Mel Martin

Eucalyptus [App Store] has been finally allowed to appear in the App Store after being rejected by Apple. The e-book reader for the iPhone and iPod touch was rejected because a person could get sexually oriented books like the Kama Sutra, even though the book is in the public domain and freely available on the web.

The program author let us know the US$9.99 app was approved late last night. He said, "Earlier today I received a phone call from an Apple representative. He was very complimentary about Eucalyptus. We talked about the confusion surrounding its App Store rejections, which I am happy to say is now fully resolved. He invited me to re-build and submit a version of Eucalyptus with no filters for immediate approval, and that full version is now available on the iPhone App Store."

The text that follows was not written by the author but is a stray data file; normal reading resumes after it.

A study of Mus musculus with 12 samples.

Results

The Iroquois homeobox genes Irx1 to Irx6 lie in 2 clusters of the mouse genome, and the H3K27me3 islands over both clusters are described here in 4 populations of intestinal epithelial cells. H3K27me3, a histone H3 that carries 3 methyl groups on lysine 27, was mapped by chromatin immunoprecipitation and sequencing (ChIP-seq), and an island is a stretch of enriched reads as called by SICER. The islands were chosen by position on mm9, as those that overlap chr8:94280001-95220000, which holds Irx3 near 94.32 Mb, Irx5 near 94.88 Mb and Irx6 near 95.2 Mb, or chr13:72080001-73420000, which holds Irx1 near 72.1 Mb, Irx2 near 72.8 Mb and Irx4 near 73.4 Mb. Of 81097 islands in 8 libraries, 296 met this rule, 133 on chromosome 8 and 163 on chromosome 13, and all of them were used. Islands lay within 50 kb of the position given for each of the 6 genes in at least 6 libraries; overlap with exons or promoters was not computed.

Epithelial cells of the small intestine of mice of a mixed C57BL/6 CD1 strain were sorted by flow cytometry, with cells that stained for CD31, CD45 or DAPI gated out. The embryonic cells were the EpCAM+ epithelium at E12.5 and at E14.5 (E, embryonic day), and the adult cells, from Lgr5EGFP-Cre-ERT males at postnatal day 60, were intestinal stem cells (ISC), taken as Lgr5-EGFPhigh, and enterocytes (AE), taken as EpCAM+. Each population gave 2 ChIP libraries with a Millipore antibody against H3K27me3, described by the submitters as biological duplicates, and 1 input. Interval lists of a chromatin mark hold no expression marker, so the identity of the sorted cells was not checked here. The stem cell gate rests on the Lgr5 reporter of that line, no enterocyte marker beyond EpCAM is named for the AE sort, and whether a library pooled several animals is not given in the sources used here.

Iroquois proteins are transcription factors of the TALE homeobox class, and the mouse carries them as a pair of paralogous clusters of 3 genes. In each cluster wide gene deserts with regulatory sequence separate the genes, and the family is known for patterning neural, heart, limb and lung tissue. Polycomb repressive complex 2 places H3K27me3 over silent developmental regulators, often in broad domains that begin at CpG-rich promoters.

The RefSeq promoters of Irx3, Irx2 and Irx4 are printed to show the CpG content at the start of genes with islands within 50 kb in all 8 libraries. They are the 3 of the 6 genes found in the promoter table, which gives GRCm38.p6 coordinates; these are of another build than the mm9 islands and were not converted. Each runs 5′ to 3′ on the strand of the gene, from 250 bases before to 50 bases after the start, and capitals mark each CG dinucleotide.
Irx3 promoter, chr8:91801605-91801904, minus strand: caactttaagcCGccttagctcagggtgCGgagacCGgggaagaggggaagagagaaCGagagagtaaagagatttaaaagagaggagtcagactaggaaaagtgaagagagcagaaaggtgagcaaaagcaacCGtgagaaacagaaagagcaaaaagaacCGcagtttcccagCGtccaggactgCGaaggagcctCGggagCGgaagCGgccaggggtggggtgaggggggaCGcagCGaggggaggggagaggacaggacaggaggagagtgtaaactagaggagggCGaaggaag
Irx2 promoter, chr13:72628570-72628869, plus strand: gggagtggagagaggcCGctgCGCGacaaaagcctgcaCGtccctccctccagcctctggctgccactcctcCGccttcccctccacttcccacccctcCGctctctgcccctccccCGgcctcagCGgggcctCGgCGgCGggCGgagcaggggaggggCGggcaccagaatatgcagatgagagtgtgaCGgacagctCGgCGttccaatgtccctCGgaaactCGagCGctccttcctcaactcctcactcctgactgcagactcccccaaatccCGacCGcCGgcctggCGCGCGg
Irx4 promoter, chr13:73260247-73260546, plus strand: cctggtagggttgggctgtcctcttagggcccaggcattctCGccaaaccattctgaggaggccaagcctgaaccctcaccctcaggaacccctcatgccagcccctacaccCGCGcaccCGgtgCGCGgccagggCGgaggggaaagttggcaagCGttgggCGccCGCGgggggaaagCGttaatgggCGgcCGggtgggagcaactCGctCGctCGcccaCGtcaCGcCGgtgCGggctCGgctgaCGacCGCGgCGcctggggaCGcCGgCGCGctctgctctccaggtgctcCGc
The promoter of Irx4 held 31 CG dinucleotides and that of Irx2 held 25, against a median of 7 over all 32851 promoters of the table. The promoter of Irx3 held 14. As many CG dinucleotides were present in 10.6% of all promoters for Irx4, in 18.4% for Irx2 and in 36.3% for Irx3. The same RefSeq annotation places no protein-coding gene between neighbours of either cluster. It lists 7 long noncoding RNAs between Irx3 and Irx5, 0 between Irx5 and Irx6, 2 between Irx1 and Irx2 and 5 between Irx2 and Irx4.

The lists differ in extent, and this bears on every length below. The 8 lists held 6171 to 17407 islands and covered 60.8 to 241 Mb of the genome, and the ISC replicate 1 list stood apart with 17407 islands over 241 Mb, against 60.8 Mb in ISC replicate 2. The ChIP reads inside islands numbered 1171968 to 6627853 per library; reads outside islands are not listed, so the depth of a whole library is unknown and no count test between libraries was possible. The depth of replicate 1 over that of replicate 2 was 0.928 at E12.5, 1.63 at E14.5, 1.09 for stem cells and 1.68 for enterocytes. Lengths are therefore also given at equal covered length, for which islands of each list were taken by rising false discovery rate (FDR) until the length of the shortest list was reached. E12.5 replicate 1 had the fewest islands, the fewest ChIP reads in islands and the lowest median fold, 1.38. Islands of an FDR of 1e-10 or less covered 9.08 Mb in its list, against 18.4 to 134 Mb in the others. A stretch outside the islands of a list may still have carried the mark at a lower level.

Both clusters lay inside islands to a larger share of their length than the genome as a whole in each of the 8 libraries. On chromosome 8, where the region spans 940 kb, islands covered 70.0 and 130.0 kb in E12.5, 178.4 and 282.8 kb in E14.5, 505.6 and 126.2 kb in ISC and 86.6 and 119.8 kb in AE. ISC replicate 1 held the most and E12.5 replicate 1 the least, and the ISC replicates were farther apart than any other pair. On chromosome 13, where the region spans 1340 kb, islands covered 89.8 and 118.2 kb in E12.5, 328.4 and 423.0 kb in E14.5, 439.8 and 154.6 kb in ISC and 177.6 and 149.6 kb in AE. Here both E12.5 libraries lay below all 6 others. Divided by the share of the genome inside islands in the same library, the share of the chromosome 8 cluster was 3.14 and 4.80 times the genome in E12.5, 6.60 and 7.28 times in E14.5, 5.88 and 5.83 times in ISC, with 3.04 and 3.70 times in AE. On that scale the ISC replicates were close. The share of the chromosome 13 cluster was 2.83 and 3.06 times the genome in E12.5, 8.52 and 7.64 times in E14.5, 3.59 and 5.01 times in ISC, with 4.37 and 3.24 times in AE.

"Since my previous post, I've been so pleased with the overwhelmingly positive articles, blog posts, comments and tweets - and also the emails from those of you who felt so strongly about the issue you wanted to contact me directly. They were all much appreciated. Thanks for all the support. It's been a roller coaster of a weekend!"

The controversy over this app once again points out how crazy the Apple standards for applications are. Dozens of fart apps are fine (not to mention apps that thoroughly infringe other companies' IP or steal their graphics) but an e-book reader that simply loads public domain books was verboten. It doesn't make any sense, and further, the situation doesn't seem to be improving. Developers are left to try and get publicity to embarrass Apple into being a bit more sensible.